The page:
Marginal & Absorption Costing – Comparison, Difference, Importance, Limitation

Comparison of Absorption Costing and Marginal Costing

We can compare absorption costing and marginal costing in the following ways.

1. The value of closing stock is small under marginal costing because only variable costs are considered for valuation.

2. The same amount of profit is reported under absorption costing and marginal costing if the production is equal to sales. The reason is that fixed factory (manufacturing) overheads charged to the period were the same in each case.

3. If the production is more than the sales, more profit is reported under absorption costing. The reason is that the value of closing stock includes a portion of the fixed costs of current period and shifted to the following period.

4. If the production is less than the sales, less profit is reported under absorption costing. The reason is that previous period fixed cost is included in the opening stock and charged against current revenues.

5. The profit under marginal costing moves always in the same direction as sales volume. In the case of absorption costing, profit
behave irregularly and sometimes in the opposite direction from sales.

The following summarizes the profit reported under absorption and marginal costing.

  • If Production = Sales; Absorption profit = marginal costing profit.
  • If Production > Sales; Absorption profit > marginal costing profit.
  • If Production < Sales; Absorption profit < marginal costing profit.
  • If production fluctuates and sales are constant; absorption profit fluctuates and marginal costing profit is constant.
  • If production is constant and sales fluctuates; both profits vary in the direction of sales.

Differences between Absorption and Marginal Costing

The followings are the differences between absorption costing and marginal costing.

1. Product Costing

Both fixed and variable costs are treated as product costs under absorption costing. But, in the case of marginal costing, only variable costs are treated as product costs.

2. Inventory Valuation

Under absorption costing, both fixed costs and variable costs are taken into consideration for valuation. But, under marginal costing, variable cost alone are taken into consideration for valuation.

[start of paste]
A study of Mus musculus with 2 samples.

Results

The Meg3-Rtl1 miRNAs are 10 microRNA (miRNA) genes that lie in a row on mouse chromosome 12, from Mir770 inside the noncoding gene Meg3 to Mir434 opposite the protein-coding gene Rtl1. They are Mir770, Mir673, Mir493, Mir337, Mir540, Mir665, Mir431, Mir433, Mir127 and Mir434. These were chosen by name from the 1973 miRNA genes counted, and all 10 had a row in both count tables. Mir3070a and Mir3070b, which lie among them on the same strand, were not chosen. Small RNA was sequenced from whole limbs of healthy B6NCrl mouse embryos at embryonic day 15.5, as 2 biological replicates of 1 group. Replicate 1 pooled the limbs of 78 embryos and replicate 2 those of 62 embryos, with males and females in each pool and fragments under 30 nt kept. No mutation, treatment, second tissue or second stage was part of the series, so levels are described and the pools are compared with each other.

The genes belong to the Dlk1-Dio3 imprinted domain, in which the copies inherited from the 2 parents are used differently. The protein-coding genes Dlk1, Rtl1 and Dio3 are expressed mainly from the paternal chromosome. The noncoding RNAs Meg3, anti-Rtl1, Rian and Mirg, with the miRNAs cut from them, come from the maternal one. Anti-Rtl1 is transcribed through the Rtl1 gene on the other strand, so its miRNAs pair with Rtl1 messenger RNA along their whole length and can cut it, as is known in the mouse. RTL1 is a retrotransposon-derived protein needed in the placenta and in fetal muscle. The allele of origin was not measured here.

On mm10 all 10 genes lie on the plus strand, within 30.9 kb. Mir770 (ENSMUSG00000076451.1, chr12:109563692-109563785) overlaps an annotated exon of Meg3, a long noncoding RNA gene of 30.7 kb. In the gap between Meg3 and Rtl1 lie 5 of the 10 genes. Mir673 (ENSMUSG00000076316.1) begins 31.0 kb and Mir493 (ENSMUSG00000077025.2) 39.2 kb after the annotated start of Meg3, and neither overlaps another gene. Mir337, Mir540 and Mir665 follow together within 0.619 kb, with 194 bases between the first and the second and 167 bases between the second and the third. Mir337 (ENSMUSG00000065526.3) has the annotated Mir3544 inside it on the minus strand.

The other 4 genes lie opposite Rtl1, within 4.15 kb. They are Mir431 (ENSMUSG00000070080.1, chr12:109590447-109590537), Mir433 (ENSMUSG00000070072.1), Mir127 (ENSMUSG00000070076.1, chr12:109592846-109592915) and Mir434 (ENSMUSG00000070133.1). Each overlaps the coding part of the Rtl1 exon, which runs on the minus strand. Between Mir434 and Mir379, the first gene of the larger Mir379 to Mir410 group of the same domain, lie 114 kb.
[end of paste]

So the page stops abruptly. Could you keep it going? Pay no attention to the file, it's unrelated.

3. Profit Concept

Profit is the difference between sales revenue and total cost under absorption costing. The managerial decision-making is based on this figure. But, in the case of marginal costing, the managerial decision-making is based on the contribution. The term contribution refers to the excess of sales revenue over marginal cost.

4. Under or Over-absorption of Overheads

Under absorption costing, fixed costs are treated as product costs. Hence, these are apportioned over the products arbitrarily which leads to the problem of under or over absorption of overheads. But in the case of marginal costing, such problem is not raised since fixed costs are excluded from the purview of product costs.

Importance of Absorption Costing

The absorption costing may be preferred on the following grounds.

1. The fixed costs are incurred for production purpose. Hence, the inclusion of fixed costs in the valuation of closing stock or products costs is justifiable.

2. If the fixed costs are not included in the valuation of inventory, fictitious loss is shown in the books of accounts when the goods are not sold and shown excessive profit in the books of accounts when goods are sold.

3. Profit fluctuations are less when production is constant but sales fluctuate.

4. There is a matching of costs and revenue. It is correct to match the costs with revenue.

5. The inclusion of fixed cost in the calculation of a total cost of a product helps the businessman to fix the price above the total cost.

Importance of Marginal Costing

Marginal costing may be preferred on the following grounds

1. Marginal costing technique is very easy to understand and operate.

2. The fixed costs are not taken consideration for the cost of production. This avoids complicated and misleading statements.

3. Profits are not overstated since fixed costs are not absorbed in unsold stock.

4. There is no problem of under absorption or over absorption of overheads.

5. Management can take quality decision with the help of contribution details

6. The fixed costs are not apportioned on an arbitrary basis.

Limitations of Absorption costing or Total Cost Method

The following are the limitations of absorption costing.

1. Difficulty in Comparison and Control of Cost

Under absorption costing, different unit costs are obtained on different levels of output. If the level of output is increased, the unit cost is decreased and vice versa. This is due to inclusion of fixed costs. Hence, there is no possibility of comparison and control of cost.

2. No Use to Managerial Decisions

The top management people are very much interested to take a number of decisions like selection of suitable product mix, whether to buy a product or manufacture, whether to accept an export order or not, whether to fix the selling price below the total cost or not, number of units to be produced and sold to earn desired profit etc. The data provided by the absorption costing are not sufficient to take above mentioned type of decisions.

3. No Control of Fixed Cost

The closing stock is valued at cost of production, which includes fixed costs. The current year closing stock is the opening stock of next year. The closing stock will be sold in the years to come. If so, a portion of fixed cost is carried forward to the next year. Hence, there is no control of fixed cost.